You don’t have to be a Sons of Anarchy fan to enjoy Mayans MC.
This is a SPOILER-FREE review of FX’s Mayans MC premiere episode, titled Perro/Oc.
Ten years after creator Kurt Sutter’s seminal Sons of Anarchy premiered, the chaotic and dangerous world of California biker gangs is back, with Mayans MC, a spinoff set within the same universe, taking place four years after the shocking events of the SOA series finale in 2014. The series premiere, titled Perro/Oc, gives us a glimpse into Sutter and co-creator Elgin James’ (Little Birds) ambitious new project, which gets off to a roaring start, thanks to a strong cast and an unexpected focus on topical real-world issues.
Where SOA was Shakespeare’s Hamlet set within the confines of a motorcycle gang, Mayans MC is less concerned with family melodrama, and more fixated on the volatile nature of the drug cartels near the Mexico-California border and the effect that those bloody conflicts have on the local inhabitants. While there are still exciting bike chases and tense shootouts that fans of the original series will recognize, Mayans MC is trying to be more profound than its predecessor, and for the most part, the series succeeds in that endeavor.
One of the ways Mayans MC achieves its narrative goals is the effectiveness of its primary cast. Our protagonist, Ezekiel “EZ” Reyes, portrayed by JD Pardo (Revolution), is similar to what Al Pacino’s Michael Corleone was to The Godfather in 1972. He’s the “good” son with a photographic memory, who, at one point in his life, went to Stanford University before going to jail. Add in good looks and charm and you have the makings of a hero who can easily follow in the footsteps of Jax Teller. Pardo also has the acting chops to back up EZ’s swagger; his interactions with his TV father, Felipe, played by the legendary Edward James Olmos (Battlestar Galactica), are always engaging, thanks to the easy chemistry the two share, and Pardo holds his own against Olmos, which is no easy task.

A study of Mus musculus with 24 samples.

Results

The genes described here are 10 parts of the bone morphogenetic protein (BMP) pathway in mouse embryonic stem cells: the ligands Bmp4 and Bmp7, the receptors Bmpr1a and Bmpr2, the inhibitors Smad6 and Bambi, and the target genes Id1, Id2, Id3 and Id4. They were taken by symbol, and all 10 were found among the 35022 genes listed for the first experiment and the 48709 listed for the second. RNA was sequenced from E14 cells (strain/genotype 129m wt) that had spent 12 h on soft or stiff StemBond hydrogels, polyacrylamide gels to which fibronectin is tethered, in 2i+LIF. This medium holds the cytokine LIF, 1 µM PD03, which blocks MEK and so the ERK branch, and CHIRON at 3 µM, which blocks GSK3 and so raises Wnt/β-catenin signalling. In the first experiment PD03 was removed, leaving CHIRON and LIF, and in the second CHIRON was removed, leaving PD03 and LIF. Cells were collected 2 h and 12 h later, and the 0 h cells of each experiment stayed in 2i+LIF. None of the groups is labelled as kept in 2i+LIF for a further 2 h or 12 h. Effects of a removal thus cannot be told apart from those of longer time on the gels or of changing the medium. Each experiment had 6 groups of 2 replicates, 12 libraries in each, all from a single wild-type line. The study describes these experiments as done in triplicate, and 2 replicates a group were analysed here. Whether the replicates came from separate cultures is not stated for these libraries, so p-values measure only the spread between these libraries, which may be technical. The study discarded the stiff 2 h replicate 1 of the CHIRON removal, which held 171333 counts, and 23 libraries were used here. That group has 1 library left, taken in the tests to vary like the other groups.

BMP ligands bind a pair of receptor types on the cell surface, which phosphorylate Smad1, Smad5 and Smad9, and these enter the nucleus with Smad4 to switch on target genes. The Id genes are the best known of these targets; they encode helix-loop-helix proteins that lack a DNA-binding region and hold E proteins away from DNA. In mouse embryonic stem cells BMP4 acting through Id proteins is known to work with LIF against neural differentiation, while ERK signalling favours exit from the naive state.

When our story begins, EZ is just a prospect, aspiring to become a full-fledged member of the Mayans Motorcycle Club. Like SAMCRO, the Mayans are mixed up with the wrong side of the law, and in this case, it’s the Galindo Cartel out of Mexico. Instead of concentrating on club politics, which was frequently explored in SOA, the series premiere provides the viewer with multiple points of view on the unfolding drama, so the episode never feels like it’s standing still.
These contrasting perspectives include the Mayans, Galindo Cartel, and most surprisingly, the rebels out of Mexico. In many drug-crime dramas, like Breaking Bad or Narcos, the story centers on the criminals at the top and the law enforcement agents that hunt them down. Mayans, however, includes the victims that get caught in the crossfire and the effect that those tragic events have on their descendants. The children of the dead are a powerful reminder that these drug wars have real consequences, a facet of the show that makes what EZ and his gang do to contribute to those fatalities feel all the more impactful.
Miguel Galindo (Danny Pino), the head of the cartel, is developed in a way that gives his character an interesting moral ambiguity. While Miguel will probably never win the Nobel Peace Prize, he’s so much more than he first lets on. Sure, he’ll torture and kill whomever he needs to, but the writers smartly give the vicious drug dealer a life outside of the business that includes a loving family, which helps to humanize a man that could easily be called a monster.
At first glance, the rebels should be the obvious heroes of this story, but war is complicated and everyone has blood on their hands. Mayans MC does a great job of making all of its characters indispensable parts of the story, no matter which side of the border they’re on. While there are Easter eggs that fans of the original series might appreciate, Mayans MC stands on its own with a solid beginning that will hopefully turn into a great season. Only time will tell.